Public Buses Provide Answer to Fuel Cost Hikes

FILES: The government is encouraging people to use city buses to reduce their dependence on gasoline as its price soars.Photo from Phnom Penh Municipal

Government calls for switch to city services

PHNOM PENH--The government is encouraging people to use city buses to reduce their dependence on gasoline as its price soars.

And an NGO working for the informal sector has asked the government to set up a concise traffic system and increase the number of buses.

Vorn Pov, president of the Independent Democracy of Informal Economy Association (IDEA), said on March 17 that people should shift to city buses to lower their fuel costs. They should also turn to cycling or walking instead of using their personal vehicles.

“It is a good idea that people use public bus services because it helps minimize their spending on fuel and gas,” he said. “Those who do not own a car or motorcycle can also use that service for free. Besides, using public buses contributes to the reduction of environmental pollution.”

However, traffic system reform and more buses were needed to make transport easier for people, Pov said.

The government should prepare a well-managed mechanism on gasoline prices and decrease the tax on imported fuel or subsidize fuel companies to prevent the price rising if the Russia-Ukraine war is drawn-out and prices keep soaring, he said.

The government should also raise taxes on beer or cigarettes to help deal with the gasoline price escalation, he added

The current retail price of regular gasoline is 5,300 riel per liter, whereas premium is 5,800 riel.

Rising fuel prices hits incomes, especially of those in the informal sector such as tuk-tuk drivers, motorbike drivers, taxi drivers and PassApp drivers.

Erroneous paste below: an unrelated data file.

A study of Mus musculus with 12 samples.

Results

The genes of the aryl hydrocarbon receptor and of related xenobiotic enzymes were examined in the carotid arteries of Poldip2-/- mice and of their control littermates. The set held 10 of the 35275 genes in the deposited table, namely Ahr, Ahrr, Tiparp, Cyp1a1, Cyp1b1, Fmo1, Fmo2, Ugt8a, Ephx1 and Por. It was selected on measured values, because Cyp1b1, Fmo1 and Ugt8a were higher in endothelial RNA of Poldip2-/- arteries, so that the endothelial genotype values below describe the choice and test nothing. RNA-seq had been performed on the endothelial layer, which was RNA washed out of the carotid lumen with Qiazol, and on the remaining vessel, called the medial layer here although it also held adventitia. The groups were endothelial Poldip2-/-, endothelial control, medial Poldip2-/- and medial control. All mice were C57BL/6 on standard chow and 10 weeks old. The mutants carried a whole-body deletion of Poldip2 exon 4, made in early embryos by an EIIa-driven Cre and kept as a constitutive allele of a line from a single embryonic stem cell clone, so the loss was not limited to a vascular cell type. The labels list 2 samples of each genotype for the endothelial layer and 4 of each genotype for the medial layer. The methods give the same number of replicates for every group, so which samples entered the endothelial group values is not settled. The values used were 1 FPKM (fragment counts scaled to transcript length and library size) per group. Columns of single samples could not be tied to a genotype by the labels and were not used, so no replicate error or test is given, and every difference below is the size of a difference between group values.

PassApp driver Ros Dyna said gasoline prices were rising but fares stayed the same. “The customers do not care about the rising gasoline price.”

Rada Rofek, a 4th-year student at Paragon University, said that previously he had to spend only $4  per week to fill his motorcycle tank but now it takes more of his budget.

“Public transport is very helpful to Cambodian citizens. The bus is hygienic and it is free for students, however, the service is slow sometimes,” he said.

“I actually prefer to take a bus too, yet sometimes buses are only available on main roads and I have to go on small routes and different places. If I take a bus, I have to change routes and it might take longer, so the motorbike is more convenient and faster.”

He said public awareness of buses is still low. Public buses are better known among young students and older people. But many people barely know which bus line number goes in which direction or where the stops are.

All stakeholders, and not just the government, have an obligation to promote and disseminate information more effectively so that the public can learn more about these services.

Few people know about the City Bus App. Also, more buses should be operated to ensure a specific departure/arrival time, he added.

City Hall spokesperson Met Meas Pheakdey said the city has always encouraged people to use bus services to cut their costs and reduce traffic accidents. He said that after the end of the February 20 community COVID event, the use of bus services decreased but the State would add more buses if there is high demand.

After the Covid-19 situation eased, City Hall launched four routes using 60 buses, Khly Norak, head of the City Bus Administrative Office, said.